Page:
I have just been reading a blog by a fellow Wycliffe student here. He argues that the Catholic Church has no right to oppose the SORs going through Parliament at present. The reason is that they are willing (in a world which is far from ideal) to allow 'stable' non-married couples to adopt children. The church obviously feels this is better than for the child not to be adopted at all. The main point of the argument is, 'not to let the impossible best be the enemy of the relatively good'.
This debate highlights one of the classic difficulties within ethics, especially Christian ethics, of the balance between idealism and pragmatism. The theological term is 'inaugurated eschatology' – we live in the light and power of the kingdom of God, which at the same time has not yet fully come. We find ourselves living in two worlds, this age and the age to come. The difficulty, as evidenced by this example, is knowing when to stick to the 'ideals' of the age to come, and when to compromise with the current age.
With this particular issue, where should the boundary be? Should the Church stick to its ideals, and put a blanket ban on adoptions by all 'sinners', including non-married couples? Surely not. Should the Church give in to pragmatism and allow anyone in a 'stable' relationship to adopt? I don't think so. Christian ethics is never going to be that simple, because of the tension between this age and the age to come.
And so, I would like to support the Catholic Church's position on this. My next comments have the potential to be controversial, and I don't mean to offend anyone. These are simply some thoughts I have on the subject.
I think that in this issue the pragmatism comes in recognising what constitutes 'marriage'. At its most basic level I would say it is a public commitment to share your whole life with one other person, of the opposite gender. Some would use the word 'covenant' to describe it. Most of the time this is marked by a public wedding, and, if done in church, public prayers and promises one to another.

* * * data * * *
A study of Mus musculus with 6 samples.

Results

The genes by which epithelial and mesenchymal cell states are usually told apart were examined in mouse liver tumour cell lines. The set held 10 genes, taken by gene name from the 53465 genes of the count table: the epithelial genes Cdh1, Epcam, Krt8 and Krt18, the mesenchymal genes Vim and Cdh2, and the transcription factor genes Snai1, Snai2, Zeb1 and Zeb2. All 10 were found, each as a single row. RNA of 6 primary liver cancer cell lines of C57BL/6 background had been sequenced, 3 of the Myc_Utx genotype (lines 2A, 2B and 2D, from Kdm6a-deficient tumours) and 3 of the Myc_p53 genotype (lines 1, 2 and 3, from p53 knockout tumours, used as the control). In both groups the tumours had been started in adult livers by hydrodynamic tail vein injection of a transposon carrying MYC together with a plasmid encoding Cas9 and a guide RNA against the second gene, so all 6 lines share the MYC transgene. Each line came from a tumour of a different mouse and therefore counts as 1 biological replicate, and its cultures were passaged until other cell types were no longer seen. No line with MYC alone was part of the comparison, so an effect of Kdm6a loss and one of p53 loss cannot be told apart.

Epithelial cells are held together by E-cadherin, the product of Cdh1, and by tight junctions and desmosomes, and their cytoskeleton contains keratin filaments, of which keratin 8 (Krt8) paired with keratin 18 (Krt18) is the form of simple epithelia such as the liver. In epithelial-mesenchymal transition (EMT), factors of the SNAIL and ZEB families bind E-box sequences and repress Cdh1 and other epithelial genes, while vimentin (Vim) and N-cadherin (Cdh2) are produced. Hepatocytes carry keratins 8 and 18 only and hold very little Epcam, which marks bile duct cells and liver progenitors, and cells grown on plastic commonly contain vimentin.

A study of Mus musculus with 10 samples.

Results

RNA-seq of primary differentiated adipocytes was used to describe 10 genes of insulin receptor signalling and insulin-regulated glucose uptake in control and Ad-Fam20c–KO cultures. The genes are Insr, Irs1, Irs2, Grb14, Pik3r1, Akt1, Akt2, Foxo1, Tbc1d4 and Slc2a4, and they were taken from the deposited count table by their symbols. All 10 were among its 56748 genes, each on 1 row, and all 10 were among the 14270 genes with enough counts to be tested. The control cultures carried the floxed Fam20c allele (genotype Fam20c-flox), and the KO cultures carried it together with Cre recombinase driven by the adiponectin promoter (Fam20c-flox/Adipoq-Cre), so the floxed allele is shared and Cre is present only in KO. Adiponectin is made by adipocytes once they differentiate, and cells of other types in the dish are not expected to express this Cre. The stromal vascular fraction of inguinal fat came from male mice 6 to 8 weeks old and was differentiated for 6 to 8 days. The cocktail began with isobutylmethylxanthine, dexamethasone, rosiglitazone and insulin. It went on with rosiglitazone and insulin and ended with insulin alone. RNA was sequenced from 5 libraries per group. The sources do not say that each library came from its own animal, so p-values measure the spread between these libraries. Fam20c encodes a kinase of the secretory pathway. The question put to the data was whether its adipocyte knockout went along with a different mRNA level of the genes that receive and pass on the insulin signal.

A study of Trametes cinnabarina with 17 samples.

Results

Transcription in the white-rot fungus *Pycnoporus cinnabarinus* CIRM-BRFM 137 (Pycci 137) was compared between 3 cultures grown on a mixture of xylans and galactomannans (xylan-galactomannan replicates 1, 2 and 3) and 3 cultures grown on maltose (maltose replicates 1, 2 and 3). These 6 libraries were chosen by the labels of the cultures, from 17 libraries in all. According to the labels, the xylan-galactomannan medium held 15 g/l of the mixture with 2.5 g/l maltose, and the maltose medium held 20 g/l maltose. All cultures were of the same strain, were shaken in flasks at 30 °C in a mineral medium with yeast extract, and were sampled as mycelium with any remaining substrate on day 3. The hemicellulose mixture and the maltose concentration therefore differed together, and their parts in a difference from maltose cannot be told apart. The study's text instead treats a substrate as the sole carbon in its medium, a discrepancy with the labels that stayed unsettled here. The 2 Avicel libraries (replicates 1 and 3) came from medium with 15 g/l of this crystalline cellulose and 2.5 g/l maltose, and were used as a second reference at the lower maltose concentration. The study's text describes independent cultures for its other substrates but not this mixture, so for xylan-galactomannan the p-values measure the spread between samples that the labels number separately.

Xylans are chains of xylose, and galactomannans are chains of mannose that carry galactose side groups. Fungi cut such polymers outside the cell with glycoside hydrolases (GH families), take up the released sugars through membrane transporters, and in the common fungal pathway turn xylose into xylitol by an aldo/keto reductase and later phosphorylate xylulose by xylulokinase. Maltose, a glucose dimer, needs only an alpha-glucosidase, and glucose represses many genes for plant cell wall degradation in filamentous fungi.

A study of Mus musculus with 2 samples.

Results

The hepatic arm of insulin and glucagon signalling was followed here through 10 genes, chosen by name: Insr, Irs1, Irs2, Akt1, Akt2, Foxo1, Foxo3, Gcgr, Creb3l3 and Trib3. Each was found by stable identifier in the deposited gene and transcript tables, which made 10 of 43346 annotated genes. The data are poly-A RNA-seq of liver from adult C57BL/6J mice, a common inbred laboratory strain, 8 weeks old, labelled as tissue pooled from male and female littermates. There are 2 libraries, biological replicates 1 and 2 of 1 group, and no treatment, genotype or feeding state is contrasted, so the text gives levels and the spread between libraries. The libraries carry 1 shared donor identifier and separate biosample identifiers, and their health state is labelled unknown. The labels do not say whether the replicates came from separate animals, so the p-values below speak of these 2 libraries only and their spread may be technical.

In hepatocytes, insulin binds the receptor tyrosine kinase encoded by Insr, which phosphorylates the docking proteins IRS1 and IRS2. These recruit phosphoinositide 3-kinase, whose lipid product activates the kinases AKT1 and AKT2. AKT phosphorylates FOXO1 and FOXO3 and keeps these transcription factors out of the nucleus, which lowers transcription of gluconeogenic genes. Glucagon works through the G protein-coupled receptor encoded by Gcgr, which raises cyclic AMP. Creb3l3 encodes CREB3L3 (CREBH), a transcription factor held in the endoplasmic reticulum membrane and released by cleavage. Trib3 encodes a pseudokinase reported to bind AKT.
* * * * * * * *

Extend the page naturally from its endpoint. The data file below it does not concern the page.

Is there really a major difference in kind between this and a 'common-law' couple, especially one making the public statement of living together and wanting to raise a child? (The Church is (hopefully) going to rule out couples who have a history of serial relationships, or who have no real intention of staying together long-term.) Is there a major difference between a couple committed to a long-term relationship, and a couple who are officially married?
If not, the next question is, are there any major differences between a committed heterosexual and a committed homosexual couple? I would suggest that perhaps there are. All the major churches (and religions, as far as I know) hold that 'marriage' is between a man and a woman, and that it is the 'ideal' situation in which to bring up a child. Perhaps, then, the 'pragmatic' compromise could be over what constitutes 'marriage', so that committed heterosexual couples are, to all intents and purposes 'married', but the 'ideal' of children being brought up by a man and a woman should not be compromised.
What I am not saying is that homosexual couples are more sinful, or evil, than heterosexual couples. What I am tentatively saying is that perhaps there is something important about the nature of a family that we should not compromise on.
I am willing to be corrected on any aspect of this argument, and please forgive me if I have written in an offensive way. This post is meant to reflect some of the long wrestling I have done myself over these issues.